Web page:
Schumer hosts a private forum with tech leaders

Senate Majority Leader Chuck Schumer organized a private forum on Capitol Hill on Wednesday, September 13, 2023, as part of his push to legislate artificial intelligence (AI). He invited almost two dozen tech executives, advocates and skeptics to discuss the priorities and risks surrounding AI and how it should be regulated.

Among the attendees were Meta’s Mark Zuckerberg, former Microsoft CEO Bill Gates, Google CEO Sundar Pichai and Tesla and X CEO Elon Musk. Schumer said he asked everyone in the room whether government should have a role in the oversight of AI, and “every single person raised their hands, even though they had diverse views,” he said.

The challenges and opportunities of AI regulation

The participants discussed various ideas for AI regulation, such as whether there should be an independent agency to oversee certain aspects of the rapidly-developing technology, how companies could be more transparent and how the United States can stay ahead of China and other countries in AI innovation.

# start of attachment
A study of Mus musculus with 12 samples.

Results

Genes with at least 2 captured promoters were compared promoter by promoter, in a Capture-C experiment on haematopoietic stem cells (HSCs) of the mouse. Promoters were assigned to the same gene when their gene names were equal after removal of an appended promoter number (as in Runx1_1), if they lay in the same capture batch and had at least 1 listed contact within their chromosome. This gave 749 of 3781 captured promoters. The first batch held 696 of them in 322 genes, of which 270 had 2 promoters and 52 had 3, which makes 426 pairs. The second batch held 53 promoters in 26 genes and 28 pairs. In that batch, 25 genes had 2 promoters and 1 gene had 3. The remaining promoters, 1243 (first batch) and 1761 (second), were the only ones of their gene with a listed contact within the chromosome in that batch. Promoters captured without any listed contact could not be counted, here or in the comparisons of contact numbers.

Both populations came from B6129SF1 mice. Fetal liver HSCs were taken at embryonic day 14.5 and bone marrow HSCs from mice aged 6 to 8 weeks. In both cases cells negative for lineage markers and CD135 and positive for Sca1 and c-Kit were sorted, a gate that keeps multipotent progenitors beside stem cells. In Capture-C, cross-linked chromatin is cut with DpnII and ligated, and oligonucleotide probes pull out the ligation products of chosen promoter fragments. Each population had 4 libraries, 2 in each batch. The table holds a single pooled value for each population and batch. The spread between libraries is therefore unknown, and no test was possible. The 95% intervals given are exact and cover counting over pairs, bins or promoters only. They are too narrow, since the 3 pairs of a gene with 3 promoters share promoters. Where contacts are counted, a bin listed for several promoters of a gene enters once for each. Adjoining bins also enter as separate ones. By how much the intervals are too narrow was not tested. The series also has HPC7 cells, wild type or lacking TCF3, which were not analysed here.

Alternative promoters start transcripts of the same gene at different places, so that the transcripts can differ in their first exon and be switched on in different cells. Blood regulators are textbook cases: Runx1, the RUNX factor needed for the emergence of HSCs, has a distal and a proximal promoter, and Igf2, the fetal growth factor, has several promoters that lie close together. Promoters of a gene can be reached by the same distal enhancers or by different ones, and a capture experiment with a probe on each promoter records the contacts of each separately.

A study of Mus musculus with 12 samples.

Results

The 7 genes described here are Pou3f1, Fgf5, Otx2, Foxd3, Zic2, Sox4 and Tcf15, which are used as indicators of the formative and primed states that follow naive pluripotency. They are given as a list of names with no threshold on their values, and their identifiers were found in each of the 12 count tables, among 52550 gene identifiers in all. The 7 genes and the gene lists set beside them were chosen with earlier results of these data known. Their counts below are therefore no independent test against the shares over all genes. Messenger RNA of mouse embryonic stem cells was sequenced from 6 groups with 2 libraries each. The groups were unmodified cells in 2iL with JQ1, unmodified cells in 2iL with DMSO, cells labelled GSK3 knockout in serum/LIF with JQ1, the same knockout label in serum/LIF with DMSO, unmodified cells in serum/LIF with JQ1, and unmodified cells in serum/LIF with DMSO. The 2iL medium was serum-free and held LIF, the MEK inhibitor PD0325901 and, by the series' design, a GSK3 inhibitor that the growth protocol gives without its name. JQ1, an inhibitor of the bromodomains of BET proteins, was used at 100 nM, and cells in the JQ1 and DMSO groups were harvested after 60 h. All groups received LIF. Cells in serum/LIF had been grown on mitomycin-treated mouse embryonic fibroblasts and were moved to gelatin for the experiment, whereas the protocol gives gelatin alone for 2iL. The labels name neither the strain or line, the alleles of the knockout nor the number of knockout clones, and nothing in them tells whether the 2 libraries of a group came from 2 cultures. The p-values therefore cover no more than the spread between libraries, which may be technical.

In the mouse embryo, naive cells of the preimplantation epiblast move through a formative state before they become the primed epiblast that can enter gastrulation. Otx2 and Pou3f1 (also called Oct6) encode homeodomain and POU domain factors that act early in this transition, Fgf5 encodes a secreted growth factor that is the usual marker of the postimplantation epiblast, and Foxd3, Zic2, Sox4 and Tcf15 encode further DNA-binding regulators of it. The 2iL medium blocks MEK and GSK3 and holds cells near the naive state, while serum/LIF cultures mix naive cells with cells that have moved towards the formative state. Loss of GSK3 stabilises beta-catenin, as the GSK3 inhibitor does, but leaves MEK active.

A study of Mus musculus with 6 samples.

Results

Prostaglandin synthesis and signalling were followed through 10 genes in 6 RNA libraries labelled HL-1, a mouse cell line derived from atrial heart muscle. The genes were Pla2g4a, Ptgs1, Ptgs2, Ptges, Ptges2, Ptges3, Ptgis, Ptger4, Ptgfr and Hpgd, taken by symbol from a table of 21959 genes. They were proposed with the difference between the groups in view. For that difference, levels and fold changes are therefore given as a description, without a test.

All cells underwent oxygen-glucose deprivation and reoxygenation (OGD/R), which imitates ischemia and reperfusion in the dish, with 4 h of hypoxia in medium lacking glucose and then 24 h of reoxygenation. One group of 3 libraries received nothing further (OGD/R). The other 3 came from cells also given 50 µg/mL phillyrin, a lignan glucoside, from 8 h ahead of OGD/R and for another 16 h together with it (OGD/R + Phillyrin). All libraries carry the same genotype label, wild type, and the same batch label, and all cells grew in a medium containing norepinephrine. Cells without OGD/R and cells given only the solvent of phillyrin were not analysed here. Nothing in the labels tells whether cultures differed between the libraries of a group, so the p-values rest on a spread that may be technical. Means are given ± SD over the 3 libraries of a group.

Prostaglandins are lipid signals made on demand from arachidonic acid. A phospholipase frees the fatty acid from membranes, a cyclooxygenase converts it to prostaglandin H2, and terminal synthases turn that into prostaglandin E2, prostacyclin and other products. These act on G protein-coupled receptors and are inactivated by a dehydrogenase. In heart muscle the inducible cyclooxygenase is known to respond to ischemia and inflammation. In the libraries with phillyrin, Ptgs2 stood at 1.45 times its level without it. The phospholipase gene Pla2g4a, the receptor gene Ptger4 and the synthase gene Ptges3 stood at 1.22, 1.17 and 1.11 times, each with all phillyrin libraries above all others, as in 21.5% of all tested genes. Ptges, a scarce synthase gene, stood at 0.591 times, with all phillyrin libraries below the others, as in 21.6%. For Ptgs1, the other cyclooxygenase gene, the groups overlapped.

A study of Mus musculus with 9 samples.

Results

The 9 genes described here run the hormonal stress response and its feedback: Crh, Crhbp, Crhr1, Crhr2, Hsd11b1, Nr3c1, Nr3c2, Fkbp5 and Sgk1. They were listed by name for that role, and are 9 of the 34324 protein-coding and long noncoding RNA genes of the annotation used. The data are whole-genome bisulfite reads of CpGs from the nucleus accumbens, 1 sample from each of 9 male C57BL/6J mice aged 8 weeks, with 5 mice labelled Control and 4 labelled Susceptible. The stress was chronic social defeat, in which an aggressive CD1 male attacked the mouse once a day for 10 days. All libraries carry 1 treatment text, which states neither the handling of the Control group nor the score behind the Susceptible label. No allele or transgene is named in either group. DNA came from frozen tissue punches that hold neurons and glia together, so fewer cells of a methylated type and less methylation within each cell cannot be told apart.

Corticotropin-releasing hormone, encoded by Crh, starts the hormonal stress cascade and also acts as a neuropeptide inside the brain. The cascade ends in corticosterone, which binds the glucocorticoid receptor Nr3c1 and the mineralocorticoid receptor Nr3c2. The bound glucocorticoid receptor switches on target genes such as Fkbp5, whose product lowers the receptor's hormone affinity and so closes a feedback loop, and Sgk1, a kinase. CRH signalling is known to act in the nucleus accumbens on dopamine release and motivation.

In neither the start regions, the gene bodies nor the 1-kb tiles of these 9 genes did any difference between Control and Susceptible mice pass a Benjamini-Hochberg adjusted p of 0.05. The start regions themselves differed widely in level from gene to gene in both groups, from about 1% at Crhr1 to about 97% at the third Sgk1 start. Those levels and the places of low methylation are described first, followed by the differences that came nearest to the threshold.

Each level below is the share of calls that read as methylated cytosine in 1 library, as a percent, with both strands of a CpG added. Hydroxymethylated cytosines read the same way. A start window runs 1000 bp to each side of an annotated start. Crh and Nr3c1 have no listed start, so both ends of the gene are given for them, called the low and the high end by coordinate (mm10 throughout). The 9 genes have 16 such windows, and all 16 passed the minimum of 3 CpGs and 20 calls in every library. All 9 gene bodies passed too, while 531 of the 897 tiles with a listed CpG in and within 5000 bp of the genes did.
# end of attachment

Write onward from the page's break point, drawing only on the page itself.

Tech CEOs agree on the need for AI regulation at a rare summit

Schumer said Congress should do what it can to maximize AI’s benefits and minimize the negatives, “whether that’s enshrining bias, or the loss of jobs, or even the kind of doomsday scenarios that were mentioned in the room. And only government can be there to put in guardrails.”

Musk, who has been vocal about the potential dangers of AI, said the meeting “might go down in history as being very important for the future of civilization.” He said the key point was really that it’s important for us to have a referee. “It was a very civilized discussion, actually, among some of the smartest people in the world,” he said.

The political path for AI legislation is difficult

However, despite the apparent consensus on the need for AI regulation, there is little agreement on what regulation would look like, and the political path for legislation is difficult. Congress has a lackluster track record when it comes to regulating new technology, and the industry has grown mostly unchecked by government in the past several decades. Many lawmakers point to the failure to pass any legislation surrounding social media, such as for stricter privacy standards.

Schumer acknowledged that AI regulation will be “one of the most difficult issues we can ever take on,” and he listed some of the reasons why: It’s technically complicated, it keeps changing and it “has such a wide, broad effect across the whole world,” he said.

He said he will not necessarily take the tech executives’ advice as he works with colleagues on the politically difficult task of ensuring some oversight of the burgeoning sector. But he invited them to the meeting in hopes that they would give senators some realistic direction for meaningful regulation.